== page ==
Breastfeeding for over six months can delay onset of breast cancer by 10 years
"The authors of a Spanish study of 504 female breast cancer patients aged 19 to 91, published in the Journal of Clinical Nursing, concluded that instances of breast cancer could be dramatically cut is people were able to breastfeed for long periods of time.
""Breastfeeding for periods of over six months not only provides children with numerous health benefits, but also protects the mother from serious diseases such as breast cancer," says the research, led by Emilio González-Jiminéz of the University of Granada.
"Women who didn’t smoke and who breastfed their baby for at least six months were diagnosed with the disease at an average age of 68.4 years, more than a decade later than either non-smokers who had never breastfed or done so for less than three months who were diagnosed at 58 years. Non smokers who had breastfed for between three and six months were surprisingly enough diagnosed even earlier – at 57 years. The study also suggested that breastfeeding reduces a woman's risk of breast cancer by 4.3% annually.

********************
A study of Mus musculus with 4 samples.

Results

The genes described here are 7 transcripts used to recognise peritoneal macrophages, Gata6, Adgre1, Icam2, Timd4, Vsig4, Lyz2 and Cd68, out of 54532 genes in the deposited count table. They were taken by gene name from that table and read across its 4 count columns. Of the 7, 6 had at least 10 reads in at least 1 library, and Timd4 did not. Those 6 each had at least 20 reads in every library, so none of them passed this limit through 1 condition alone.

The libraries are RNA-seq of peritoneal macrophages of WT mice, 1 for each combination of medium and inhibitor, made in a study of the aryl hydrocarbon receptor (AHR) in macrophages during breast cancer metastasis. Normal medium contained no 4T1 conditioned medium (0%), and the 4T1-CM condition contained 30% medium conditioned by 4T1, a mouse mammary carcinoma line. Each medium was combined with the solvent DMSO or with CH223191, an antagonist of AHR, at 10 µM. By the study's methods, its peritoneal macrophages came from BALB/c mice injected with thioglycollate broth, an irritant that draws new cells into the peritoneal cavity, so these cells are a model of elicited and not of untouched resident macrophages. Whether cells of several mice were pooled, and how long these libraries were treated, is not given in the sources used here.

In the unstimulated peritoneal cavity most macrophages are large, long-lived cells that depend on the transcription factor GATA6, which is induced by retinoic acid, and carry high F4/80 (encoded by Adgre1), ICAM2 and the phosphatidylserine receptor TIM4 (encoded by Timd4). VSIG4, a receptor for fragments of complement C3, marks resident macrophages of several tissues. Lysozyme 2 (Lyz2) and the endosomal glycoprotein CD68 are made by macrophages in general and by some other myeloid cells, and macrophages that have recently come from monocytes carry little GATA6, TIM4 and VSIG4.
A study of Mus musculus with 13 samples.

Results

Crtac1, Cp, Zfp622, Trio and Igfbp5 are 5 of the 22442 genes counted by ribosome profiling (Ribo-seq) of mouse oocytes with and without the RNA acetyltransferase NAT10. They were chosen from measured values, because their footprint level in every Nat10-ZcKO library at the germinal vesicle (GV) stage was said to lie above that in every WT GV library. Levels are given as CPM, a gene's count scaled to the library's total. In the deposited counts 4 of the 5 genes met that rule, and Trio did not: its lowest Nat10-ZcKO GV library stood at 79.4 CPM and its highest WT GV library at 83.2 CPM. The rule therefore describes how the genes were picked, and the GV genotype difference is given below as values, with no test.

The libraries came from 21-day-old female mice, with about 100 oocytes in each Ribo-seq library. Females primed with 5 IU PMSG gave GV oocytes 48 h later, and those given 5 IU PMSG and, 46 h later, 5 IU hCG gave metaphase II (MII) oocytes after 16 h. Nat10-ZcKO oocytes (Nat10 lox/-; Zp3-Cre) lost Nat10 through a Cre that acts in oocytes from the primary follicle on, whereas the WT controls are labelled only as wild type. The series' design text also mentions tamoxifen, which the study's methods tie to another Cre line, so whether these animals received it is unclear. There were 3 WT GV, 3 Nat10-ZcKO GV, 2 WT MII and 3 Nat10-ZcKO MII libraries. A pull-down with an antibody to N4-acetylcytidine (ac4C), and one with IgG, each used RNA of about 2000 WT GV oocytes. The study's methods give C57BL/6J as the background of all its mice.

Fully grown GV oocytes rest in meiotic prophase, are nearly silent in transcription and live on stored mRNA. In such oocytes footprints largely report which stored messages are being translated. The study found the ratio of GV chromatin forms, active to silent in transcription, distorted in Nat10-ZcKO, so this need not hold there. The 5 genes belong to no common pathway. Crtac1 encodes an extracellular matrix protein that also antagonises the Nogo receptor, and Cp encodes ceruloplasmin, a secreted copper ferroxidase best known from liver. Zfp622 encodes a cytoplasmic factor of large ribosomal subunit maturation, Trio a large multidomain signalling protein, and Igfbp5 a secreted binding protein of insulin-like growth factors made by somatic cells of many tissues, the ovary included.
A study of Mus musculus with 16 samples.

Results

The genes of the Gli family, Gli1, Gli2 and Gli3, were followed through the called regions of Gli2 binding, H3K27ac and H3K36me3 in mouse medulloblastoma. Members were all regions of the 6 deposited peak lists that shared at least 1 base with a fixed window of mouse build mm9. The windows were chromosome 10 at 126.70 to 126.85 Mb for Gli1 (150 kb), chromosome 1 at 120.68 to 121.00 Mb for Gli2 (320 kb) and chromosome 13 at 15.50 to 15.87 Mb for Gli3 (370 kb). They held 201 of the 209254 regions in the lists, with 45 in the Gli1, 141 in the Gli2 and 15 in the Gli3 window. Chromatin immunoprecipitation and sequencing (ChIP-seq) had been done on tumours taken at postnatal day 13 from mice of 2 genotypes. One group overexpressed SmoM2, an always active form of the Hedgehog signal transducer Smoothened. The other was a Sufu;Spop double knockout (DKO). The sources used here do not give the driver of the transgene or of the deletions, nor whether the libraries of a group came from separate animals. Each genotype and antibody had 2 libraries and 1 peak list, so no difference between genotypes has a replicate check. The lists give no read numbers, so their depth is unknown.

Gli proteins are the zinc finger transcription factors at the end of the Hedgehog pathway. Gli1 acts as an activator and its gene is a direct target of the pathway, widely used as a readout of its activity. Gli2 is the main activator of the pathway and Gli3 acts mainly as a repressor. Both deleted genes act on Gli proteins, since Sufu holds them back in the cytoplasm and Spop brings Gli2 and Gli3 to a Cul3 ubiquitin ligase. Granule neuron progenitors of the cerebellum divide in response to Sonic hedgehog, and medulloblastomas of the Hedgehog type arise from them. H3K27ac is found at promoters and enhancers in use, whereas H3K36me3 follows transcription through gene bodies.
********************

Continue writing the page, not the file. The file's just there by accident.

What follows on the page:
"In a worrying development though, female smokers who breastfed received no such benefits, no matter how long they breastfed for.
"Based on these findings, the incidence of this disease could be reduced from 6.3% to 2.7% if women breastfed their children for more than six months," the authors say. A move away from breastfeeding is a crucial factor behind an increase in breast cancer cases, they added. The reasons for the dramatic shifts in diagnosed ages seems to be the reduction in oestrogen levels that breastfeeding induces.